If I Promise to Try Real Hard, Can I Be A Brain Surgeon?


That policy, known as Success Equals Effort, or SEE, requires faculty to take into account the efforts of freshman and sophomores in calculating grades.

So, I'm guessing this isn't the same thing as having "class participation" as part of the grade? Merely trying hard is enough?

But Stacey Jones, dean of the science, technology, engineering and mathematics departments, said it is imperative that faculty and students get on board to make the SEE effort work.

“It’s a transition; it’s a paradigm shift,” Jones said. “They (the students) are coming from high school, and it’s a whole different way of thinking. We’re hoping that the connection between excellence and effort correlate with the connection between excellence and knowledge.”

I'm all for the notion that effort is correlated with excellence (as measured by being competent in a subject). But if it were working for some students, wouldn't we see their grades going up anyway? Effort that doesn't result in higher grades means that the marginal return on, say, an hour of studying is relatively low compared to seeing grades go up for an hour of studying in another class. It's essentially wasted effort since it produces little to no return. Why should wasted effort be rewarded as a meritorious thing in its own right? If the returns to studying are low in one subject, the student should find another subject where the returns are higher. If no such subject can be found, perhaps the student isn't ready for college.

Rewarding effort as useful absent an improvement in grades might be a nice sounding idea, but it essentially masks the problem by reducing the amount of information transmitted by low grades. This information is useful to both students and those who need to objectively evaluate grades. A potential result: Your B+, achieved through little work since you happen to be an ace physicist, is to an outside observer the same as my B+ achieved through hard work though I scored far lower on practical tests. Taken further: your physics degree will appear the same as mine, despite your being far more adept and appropriately trained. Which person would you rather have continuing on to take more physics classes, or to have work at your lab? The student isn't able to fairly judge their progress, and evaluators aren't able to discern differences of ability.

The love of a subject is not reason to excuse low abilities. If effort is so closely correlated with "excellence", and if a student is truly interested in a subject then the improved performance should be enough of a reward to motivate the effort. I'm sitting through math classes I avoided earlier in life not because I think the professor will say "Hey, that guy's worked hard, so lets give him an A for effort and weight that in with his test scores", but because I think this time my effort will result in a facility with tools that I can then apply to something I'd love to do. Getting higher grades without a commensurate growth in functional ability would be a disservice to me, as I think it is to the Benedict students.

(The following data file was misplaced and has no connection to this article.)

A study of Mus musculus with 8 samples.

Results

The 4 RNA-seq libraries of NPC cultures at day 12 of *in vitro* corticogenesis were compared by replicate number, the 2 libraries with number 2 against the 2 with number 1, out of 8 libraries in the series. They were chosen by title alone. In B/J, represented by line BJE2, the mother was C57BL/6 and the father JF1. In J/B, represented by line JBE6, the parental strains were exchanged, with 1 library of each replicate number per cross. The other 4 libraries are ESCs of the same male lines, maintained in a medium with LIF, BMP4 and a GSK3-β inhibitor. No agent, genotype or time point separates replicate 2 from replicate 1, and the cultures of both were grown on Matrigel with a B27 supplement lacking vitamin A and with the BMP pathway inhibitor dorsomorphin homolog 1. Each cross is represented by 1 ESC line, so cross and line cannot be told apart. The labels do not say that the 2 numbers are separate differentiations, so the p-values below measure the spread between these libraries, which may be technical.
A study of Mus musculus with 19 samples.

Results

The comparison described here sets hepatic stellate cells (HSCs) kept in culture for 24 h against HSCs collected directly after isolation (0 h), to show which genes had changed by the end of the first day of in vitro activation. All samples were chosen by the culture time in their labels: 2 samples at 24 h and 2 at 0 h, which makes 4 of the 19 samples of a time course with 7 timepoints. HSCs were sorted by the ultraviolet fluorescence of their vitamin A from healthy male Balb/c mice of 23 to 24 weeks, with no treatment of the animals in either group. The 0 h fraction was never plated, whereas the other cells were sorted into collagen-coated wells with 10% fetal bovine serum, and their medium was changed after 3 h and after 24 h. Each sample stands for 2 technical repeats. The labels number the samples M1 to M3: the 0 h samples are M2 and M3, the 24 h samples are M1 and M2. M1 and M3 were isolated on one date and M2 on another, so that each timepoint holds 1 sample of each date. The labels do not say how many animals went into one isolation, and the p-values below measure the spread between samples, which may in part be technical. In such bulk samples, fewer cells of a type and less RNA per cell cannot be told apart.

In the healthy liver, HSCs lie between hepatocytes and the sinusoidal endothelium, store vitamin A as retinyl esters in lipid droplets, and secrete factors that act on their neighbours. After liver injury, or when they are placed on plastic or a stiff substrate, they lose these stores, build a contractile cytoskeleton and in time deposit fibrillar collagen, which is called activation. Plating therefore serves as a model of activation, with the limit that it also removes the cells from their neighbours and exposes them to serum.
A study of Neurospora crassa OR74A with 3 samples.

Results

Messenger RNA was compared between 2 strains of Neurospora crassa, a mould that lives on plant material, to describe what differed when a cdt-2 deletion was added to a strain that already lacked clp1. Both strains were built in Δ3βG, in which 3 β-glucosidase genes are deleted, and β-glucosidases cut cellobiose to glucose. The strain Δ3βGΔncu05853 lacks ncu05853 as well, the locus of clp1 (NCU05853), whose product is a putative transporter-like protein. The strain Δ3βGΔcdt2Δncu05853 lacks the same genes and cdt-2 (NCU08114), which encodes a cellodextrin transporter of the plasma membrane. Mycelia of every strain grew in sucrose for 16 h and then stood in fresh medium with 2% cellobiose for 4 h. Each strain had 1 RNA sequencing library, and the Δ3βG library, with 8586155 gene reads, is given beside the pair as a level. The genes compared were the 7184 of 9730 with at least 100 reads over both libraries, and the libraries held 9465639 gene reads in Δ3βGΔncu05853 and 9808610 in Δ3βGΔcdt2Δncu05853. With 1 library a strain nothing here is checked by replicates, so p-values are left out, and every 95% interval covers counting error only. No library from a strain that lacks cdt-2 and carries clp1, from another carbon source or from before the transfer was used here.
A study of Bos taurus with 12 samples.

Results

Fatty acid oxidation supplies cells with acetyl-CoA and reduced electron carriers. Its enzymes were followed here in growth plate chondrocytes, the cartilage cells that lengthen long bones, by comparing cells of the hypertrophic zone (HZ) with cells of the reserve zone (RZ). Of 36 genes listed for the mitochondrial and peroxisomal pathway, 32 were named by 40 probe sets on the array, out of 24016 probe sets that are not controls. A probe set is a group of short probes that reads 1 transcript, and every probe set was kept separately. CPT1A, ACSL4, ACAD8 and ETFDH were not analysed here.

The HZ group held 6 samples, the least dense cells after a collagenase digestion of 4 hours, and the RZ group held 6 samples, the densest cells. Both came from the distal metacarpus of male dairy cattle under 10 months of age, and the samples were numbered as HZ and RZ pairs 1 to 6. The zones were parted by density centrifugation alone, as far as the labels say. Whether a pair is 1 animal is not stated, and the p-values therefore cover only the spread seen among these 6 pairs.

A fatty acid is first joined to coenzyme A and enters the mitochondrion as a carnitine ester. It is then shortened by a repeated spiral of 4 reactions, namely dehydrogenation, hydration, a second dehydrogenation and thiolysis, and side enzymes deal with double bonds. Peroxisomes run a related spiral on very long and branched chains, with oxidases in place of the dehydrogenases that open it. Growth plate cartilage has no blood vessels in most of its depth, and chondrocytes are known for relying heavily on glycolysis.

2 Comments

There's at least one additional argument against SEE as well: awarding SEE credit is entirely arbirtrary on the instructor's part. Hard to imagine a policy more likely to undermine the integrity of the academic process, raise suspicions of unequal treatment on the part of students, and put the instructor in a potentially compromising position.

One wonders if the opposite effect would be more appropriate. If Mary, with no effort at all can score a B+ in Physics, and I have to bust my butt to achieve the same objective test score, then clearly Mary has a much higher propensity for physics than I. When the heat is turned up and we move on to more difficult classes I will be out of my depth, whereas Mary will have some slack in her capacity to do the hard stuff.

If grades are to measure you ability and capacity in a certain field then extra effort by the student should in fact devalue the grade acheived, not enhance the value.

Perhaps the solution might be to grade academic subjects objectively, and also grade as a separate subject effort. "I got a C in Physics, but an A+ in effort." Since effort is a valuable asset to measure independently for people who care about your grades (employers, parents, grant managers etc.)